My Dad was always “the keeper of the papers” relating to my namesake, his late brother Wesley. The family always knew him as Babe. He was quite an athlete in his youth, and a very bright young man. He showed a world of promise.
After my Dad died a few years ago, I looked through the papers he had kept as remembrances. Among them, I found a letter Dad had written to Babe during World War II. In the letter, he mentioned that he had recently learned that he and his brother had been stationed eight miles apart in England, but neither had known it. He told him how much he missed him, and how great it would have been to have spent some time together. Babe was my Dad’s little brother, and it was clear just from reading the letter that he loved him dearly.
In the letter, Dad told Babe that he had just learned that Babe had been shipped to the front lines in France. He told him that their mother was very worried about him, and that he hoped Babe was safe. Dad then said that he thought that it wasn’t right that Babe, the younger brother, had been the one placed most directly in harm’s way. Dad thought it should have been him, as the older brother.
I knew that Babe had been killed in action in World War II, and that he has been awarded the Bronze Star posthumously. The letter awarding him the Bronze Star was also among my Dad’s treasured papers. What I didn’t know, until I read Dad’s letter again and put two and two together, was that he had actually written it eight days after Babe had already been killed in action, not knowing that had happened.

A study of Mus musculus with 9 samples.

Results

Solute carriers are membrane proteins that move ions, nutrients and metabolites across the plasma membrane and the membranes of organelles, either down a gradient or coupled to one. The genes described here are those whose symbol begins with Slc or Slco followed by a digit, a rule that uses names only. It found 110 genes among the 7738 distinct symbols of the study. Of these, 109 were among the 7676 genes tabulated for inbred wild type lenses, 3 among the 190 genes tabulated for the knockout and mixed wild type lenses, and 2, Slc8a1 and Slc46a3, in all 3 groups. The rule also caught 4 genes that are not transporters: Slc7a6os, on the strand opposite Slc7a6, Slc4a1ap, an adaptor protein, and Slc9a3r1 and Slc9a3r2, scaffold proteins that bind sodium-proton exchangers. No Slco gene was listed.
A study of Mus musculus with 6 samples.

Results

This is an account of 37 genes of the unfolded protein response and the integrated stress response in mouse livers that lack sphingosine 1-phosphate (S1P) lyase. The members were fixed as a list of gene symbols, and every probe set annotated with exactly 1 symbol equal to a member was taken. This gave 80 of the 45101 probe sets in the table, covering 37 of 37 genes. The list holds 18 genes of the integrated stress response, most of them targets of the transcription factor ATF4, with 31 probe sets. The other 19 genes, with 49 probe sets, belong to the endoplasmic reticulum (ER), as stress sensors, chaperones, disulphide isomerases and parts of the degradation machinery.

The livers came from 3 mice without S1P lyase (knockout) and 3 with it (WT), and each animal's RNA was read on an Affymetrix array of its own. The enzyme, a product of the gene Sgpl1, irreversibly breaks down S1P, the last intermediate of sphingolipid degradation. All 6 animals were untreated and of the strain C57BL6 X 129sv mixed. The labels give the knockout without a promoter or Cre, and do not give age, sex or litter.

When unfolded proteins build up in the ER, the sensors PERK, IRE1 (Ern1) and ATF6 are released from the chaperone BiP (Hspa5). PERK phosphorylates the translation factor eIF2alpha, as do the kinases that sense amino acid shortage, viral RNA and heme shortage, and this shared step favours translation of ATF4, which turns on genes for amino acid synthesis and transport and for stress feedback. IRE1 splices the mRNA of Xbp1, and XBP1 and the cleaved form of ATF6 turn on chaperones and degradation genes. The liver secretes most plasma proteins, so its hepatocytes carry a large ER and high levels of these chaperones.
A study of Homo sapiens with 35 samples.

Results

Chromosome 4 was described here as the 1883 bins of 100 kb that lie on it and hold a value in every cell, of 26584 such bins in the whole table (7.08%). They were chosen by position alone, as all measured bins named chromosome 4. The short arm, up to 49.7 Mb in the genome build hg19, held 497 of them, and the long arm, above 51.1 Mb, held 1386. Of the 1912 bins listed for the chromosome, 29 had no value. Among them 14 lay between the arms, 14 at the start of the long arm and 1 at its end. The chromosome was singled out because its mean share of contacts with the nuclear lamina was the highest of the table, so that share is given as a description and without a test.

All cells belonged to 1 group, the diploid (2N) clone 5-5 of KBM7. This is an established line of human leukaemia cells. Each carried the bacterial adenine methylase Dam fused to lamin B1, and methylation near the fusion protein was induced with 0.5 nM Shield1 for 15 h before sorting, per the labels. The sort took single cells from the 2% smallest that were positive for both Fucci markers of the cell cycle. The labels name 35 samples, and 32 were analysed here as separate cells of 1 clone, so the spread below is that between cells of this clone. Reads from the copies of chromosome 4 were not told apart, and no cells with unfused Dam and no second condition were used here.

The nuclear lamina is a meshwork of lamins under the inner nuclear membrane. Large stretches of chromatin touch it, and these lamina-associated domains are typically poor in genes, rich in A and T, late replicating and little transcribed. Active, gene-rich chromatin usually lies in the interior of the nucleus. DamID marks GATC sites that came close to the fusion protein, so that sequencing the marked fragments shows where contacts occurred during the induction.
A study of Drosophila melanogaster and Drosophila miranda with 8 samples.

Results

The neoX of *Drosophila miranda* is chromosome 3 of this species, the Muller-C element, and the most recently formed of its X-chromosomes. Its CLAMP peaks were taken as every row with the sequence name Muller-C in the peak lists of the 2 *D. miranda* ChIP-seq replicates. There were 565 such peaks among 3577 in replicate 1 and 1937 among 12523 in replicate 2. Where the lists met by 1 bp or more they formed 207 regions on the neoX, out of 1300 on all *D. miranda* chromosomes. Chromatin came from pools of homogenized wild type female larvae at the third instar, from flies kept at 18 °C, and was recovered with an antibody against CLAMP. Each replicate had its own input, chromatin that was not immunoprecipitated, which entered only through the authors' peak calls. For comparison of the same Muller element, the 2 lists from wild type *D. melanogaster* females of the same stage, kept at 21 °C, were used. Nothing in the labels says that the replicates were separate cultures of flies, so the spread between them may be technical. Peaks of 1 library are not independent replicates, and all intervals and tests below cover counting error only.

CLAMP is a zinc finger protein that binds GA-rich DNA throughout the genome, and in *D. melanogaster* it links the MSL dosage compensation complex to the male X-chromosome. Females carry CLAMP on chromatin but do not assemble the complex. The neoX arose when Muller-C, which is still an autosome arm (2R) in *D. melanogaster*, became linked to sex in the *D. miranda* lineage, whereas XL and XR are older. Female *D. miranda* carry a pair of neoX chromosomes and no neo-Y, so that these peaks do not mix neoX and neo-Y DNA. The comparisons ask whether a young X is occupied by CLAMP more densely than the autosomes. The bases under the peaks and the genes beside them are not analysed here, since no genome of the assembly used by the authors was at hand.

In that moment, I was struck with the realization that it could just as easily have been my Dad who could have given his life for his country. Like so many brave men and women before and since, when he and Babe were called into action, they put their lives on the line. Most of them, like my Dad, are able to return home safely and in good condition. For that, we thank God.
But not all of them do. Some give their lives. Others suffer physical injuries, often of such severity that they must forever deal with and try to overcome resulting pain and limitations. Still others, as an increasing casualty of modern warfare, are scarred mentally or emotionally as a result of being subjected to the tremendous and relentless stress involved in spending too much time in combat over too many tours of duty. The pain and limitations they suffer are just as real, and often just as permanent.
The losses, of course, impact not just our soldiers, but also their families. Many are forever changed and diminished. Many must long deal with the anguish of wondering what might have been. Mothers, wives and others are called upon to take on the role of caregiver, sometimes on a permanent basis and most often without pay.
Our soldiers, past and present, and their families, clearly deserve our admiration, our respect, our gratitude, our compassion and our care. When we talk about “the cost of war,” it must include the cost of caring for our soldiers, and their families, who have given so much to us. VA benefits should never be seen as handouts, but as the repayment of debts we owe as a nation.
On this Veterans Day, and every day, let’s salute and honor our veterans, and especially those who have made the ultimate sacrifice in defense of our nation. For there, but for the grace of God, go we.